Health Canada (HC) and the Food and Drug Administration (FDA) are meeting for the first time on May 15th, 2015 to begin discussions on how the United States and Canada can make their drug approval processes more efficient. With Prime Minister Stephen Harper’s and President Barack Obama’s backing, the two agencies have formed a council to explore how they might align their two regulatory systems. What will this mean to Canadians, and is a cooperative effort of this magnitude involving government officials really possible?
According to a recent CTV News report, the FDA approved a sampling of 41 cancer drugs an average 7.6 months earlier than HC. Can Canadian cancer patients afford such delays?
Before a new drug is approved for use, HC and the FDA require evidence that the drug is safe, effective, and manufactured appropriately. Despite this common purpose, there are important differences between the drug development laws in Canada and the U.S. As a result, each country conducts its own review of a new drug before approving its use – a meticulous process that can take a very long time and which consumes considerable human resources. Further, having two separate reviews means that patients in one country may have access to a drug months or even years before the other country. In 2014, CTV News reported on the approval times for 41 new cancer drugs. On average, the FDA approved these drugs 7.6 months earlier than HC. Can Canadian cancer patients afford such delays?
Resources are very limited at HC as compared to the FDA. Combining Canadian and U.S. resources would mean that the drug approval process could be accelerated in both countries – providing patients with access to new drugs more quickly.
If both countries were to agree on the same requirements for approving a drug, how would this affect the average Canadian? On the positive side, the review of each new drug could be conducted by just one of the two countries, significantly reducing workload on the individual agencies. Resources are very limited at HC as compared to the FDA. Combining Canadian and U.S. resources would mean that the drug approval process could be accelerated in both countries – providing patients with access to new drugs more quickly. Personnel in the two countries could draw on each other’s strengths, perhaps leading to enhanced quality in the drug reviews. Harmonisation means choosing one approach over another (or developing an entirely new one). If the council can agree to go with the higher of two standards or develop a new standard that will provide greater safeguards for patients, then we all win.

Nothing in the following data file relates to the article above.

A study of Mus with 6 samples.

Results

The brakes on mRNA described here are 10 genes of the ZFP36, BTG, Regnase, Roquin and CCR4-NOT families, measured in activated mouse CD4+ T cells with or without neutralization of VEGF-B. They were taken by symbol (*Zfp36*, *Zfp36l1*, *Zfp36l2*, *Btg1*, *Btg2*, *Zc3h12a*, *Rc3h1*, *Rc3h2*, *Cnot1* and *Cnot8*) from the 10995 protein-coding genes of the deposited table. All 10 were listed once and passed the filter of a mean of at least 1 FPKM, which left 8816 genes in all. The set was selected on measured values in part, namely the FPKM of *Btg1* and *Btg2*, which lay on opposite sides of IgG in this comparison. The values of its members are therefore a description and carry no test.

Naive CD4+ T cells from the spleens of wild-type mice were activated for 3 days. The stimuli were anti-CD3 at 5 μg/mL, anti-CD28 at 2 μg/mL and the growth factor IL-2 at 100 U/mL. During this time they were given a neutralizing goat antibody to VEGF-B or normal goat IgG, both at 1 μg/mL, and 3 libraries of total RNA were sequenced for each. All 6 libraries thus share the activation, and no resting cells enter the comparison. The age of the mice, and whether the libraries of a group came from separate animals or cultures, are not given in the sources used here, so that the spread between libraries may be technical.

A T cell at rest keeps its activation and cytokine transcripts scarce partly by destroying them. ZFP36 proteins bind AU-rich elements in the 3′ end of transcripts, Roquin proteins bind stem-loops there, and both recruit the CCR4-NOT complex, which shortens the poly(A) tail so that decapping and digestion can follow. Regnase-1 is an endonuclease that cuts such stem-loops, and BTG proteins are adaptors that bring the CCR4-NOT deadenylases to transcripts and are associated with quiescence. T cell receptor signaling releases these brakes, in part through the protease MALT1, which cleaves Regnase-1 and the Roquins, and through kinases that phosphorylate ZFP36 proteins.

Will HC have the right to reject the FDA’s decision if they judge that it is not in the best interests of Canada? Do Canadians want their drug approval process to be driven by non-Canadian ideologies?
On the other hand, some critics have expressed concern about whether a country’s ability to act independently will be protected under a harmonised system. For example, if the FDA conducts a review of a medicine, will HC have the right to reject the FDA’s decision if they judge that it is not in the best interests of Canadians?
The commissioner of the FDA is appointed by the president of the United States with the advice and consent of the senate. Political ideology is an important factor in who gets the job, ideology that could affect the review of certain health products. For example, Senators Hillary Clinton and Patty Murray vowed to hold up Andrew von Eschenbach’s appointment in 2006 due to a controversy regarding over-the-counter access to emergency contraception. Do Canadians want their drug approval process to be driven by non-Canadian ideologies?
Given these challenges, it will be very interesting to see how the council progresses with their work. The laws governing the approval of medicines are based on internationally accepted guidelines, called The International Conference on Harmonisation of Technical Requirements for Registration of Pharmaceuticals for Human Use (ICH). As a first step in the harmonisation process, the council is going to identify where HC and FDA interpretation of existing ICH guidelines differ and see if agreement can be reached on a single approach. They will also discuss new ICH guidelines under development with the objective of agreeing on a common position when the new guidelines are debated at the international level. The council plans to hold a second meeting later in the year to continue these discussions.
Trying to harmonize two independent federal regulatory bodies presents monumental challenges. The FDA and HC should be congratulated for taking this first step in attempting to create a more efficient system for new drug approvals, benefiting Canadians and Americans alike.